By Jim Schutze
By Rachel Watts
By Lauren Drewes Daniels
By Anna Merlan
By Lee Escobedo
By Alice Laussade
By Scott Reitz
When bands and relationships mix, there's usually a divorce lawyer lurking behind the drum riser. Consider the romantic dysfunction that made Fleetwood Mac everyone's favorite arena-rock soap opera of the late '70s. What about the "I'm leaving you, what time is Thursday's gig?" dynamics of the White Stripes and Quasi? And let's not get started on Ike and Tina Turner.
With Mates of State, however, you get the feeling that the mutual attraction came first and the musical connection came later, and that might explain why indie-pop's favorite married couple continues to successfully juggle the personal and the professional. Keyboardist-singer Kori Gardner and drummer-singer Jason Hammel met in 1997 while both were students at the University of Kansas, and after relocating to San Francisco, they exchanged wedding vows in 2001. On March 21, the band issues Bring It Back, their fourth and finest album of meticulously crafted New Wave bliss. According to Hammel, the making of the album represented a breakthrough in the couple's working relationship.
"We've finally figured out how to criticize each other tactfully," Hammel says by phone, on the eve of the duo's national tour. "On our first couple of records, we had fairly significant arguments, but it never really carried into our [personal] relationship. On this album, I think it was the first time we didn't have any serious fights. We've found common ground and learned to accept each other's individual visions."
When Hammel and Gardner met, they each played guitar and fronted rock bands on the Lawrence, Kansas, club scene. Hammel gravitated toward skate-punk intensity, while Gardner leaned toward lighter, melodic fare. They had mutual friends and had even shared the bill at one gig, but they never spoke until Hammel decided to approach her at one of her shows. "Ever since our first conversation, we realized we were supposed to be together," he says. "We were actually dating other people and sort of got rid of our significant others so we could be together. But at the same time, we were getting to know each other secretly the whole time."
Until 2001, when they quit their day jobs, Gardner worked as a teacher and Hammel helped administer experimental treatments at Stanford University for women with reproductive cancer. While he found the work gratifying, he says, "Playing music has always been my dream. Even as a kid, I knew this was what I wanted to do."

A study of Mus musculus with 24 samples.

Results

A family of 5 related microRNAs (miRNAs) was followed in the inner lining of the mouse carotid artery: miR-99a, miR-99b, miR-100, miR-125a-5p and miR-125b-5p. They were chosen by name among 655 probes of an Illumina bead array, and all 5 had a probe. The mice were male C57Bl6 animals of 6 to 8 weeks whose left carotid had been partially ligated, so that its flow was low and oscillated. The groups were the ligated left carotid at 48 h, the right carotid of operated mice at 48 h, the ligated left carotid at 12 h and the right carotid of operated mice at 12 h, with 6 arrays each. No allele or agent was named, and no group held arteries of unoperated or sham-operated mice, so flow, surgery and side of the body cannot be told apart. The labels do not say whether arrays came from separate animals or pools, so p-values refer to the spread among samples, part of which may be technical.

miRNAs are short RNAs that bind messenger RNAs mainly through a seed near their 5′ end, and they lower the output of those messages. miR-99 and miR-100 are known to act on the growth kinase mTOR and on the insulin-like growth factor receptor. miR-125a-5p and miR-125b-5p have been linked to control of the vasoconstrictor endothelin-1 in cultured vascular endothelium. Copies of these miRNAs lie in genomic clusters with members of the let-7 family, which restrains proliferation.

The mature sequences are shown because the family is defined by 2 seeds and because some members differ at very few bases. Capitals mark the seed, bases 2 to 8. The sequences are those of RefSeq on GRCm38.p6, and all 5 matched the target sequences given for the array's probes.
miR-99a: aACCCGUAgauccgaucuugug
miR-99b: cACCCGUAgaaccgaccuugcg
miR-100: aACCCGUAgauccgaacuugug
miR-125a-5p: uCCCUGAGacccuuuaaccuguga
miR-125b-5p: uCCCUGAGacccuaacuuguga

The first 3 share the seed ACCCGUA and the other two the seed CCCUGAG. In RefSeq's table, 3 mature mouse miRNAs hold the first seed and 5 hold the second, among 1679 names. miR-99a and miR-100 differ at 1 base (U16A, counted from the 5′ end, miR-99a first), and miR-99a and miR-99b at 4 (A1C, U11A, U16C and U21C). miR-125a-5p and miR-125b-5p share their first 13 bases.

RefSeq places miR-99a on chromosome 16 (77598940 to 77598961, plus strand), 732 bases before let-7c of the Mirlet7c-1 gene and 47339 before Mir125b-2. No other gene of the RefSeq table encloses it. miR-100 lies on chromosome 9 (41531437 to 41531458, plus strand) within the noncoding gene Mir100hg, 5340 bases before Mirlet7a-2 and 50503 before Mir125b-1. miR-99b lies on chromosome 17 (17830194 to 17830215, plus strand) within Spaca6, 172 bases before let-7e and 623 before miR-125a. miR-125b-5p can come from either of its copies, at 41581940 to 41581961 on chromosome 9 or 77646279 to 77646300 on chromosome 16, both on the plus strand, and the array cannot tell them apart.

Bring It Back represents Hammel and Gardner's first music offering since becoming parents. Their daughter was born a year and a half ago, and the couple approached both her birth and the writing of their album with a careful, disciplined game plan.
"We knew we'd be able to give her the first three months of her life, so we didn't work on any music, because it was nearly impossible. We were trying to figure out how to take care of her," Hammel says. "So before and after that, we went to work.
"When you have a kid, it's so time-consuming and deservedly so. But eventually you've got to get back to taking some of your own time and making music is something that we do because we love to do it. We just made sure that we find the right balance of being able to be individuals and being really good parents."
One of the chief pleasures of Bring It Back is the way it simplifies the group's intricate song structures and puts a dance groove behind several tracks, most notably the New Order-ish "Fraud in the '80s." Hammel says that after years of constructing songs with eight or nine parts, he and Gardner asked each other, "'Why do we have to make it that difficult for ourselves and for the listener?' It's hard to dance to something when you don't know what's coming next. Part of that is fun, because we want to sort of keep people guessing. But we decided for this record, 'Why don't we try to write a good song that has three parts?'"
Gardner's giddy, girlish warble is the group's primary selling point, and it's always abetted by Hammel's careening backing vocals, which leap from harmony lines to overlapping counterpoint to unison phrases of encouragement. Their lyrics can get oblique, but the key lines express a hunger for vibrant experience, as opposed to drab existence. "You should really try to be more alive," Gardner implores at one point on the album. Even more telling is this line from "For the Actor": "I just want to feel/The taste of the meal/And not the routine of dining here."
That sort of unabashed embrace of life's possibilities frequently results in Mates of State being pegged as the happiest band in America, and their audiences customarily include an inordinate number of swooning couples. While Hammel is philosophical about the group's image, he finds it one-dimensional.
"Too much of anything sort of gets tiring," he says. "There's a lot worse things that could be said about us. Yeah, we are happy, or we try to be optimistic people, but obviously we're not always like that. Maybe when we're having a bad day and that's all we read, then it's like, 'Oh, come on, man, we're not that flat.' We have ups and downs, pretty severe ups and pretty severe downs, just like anybody."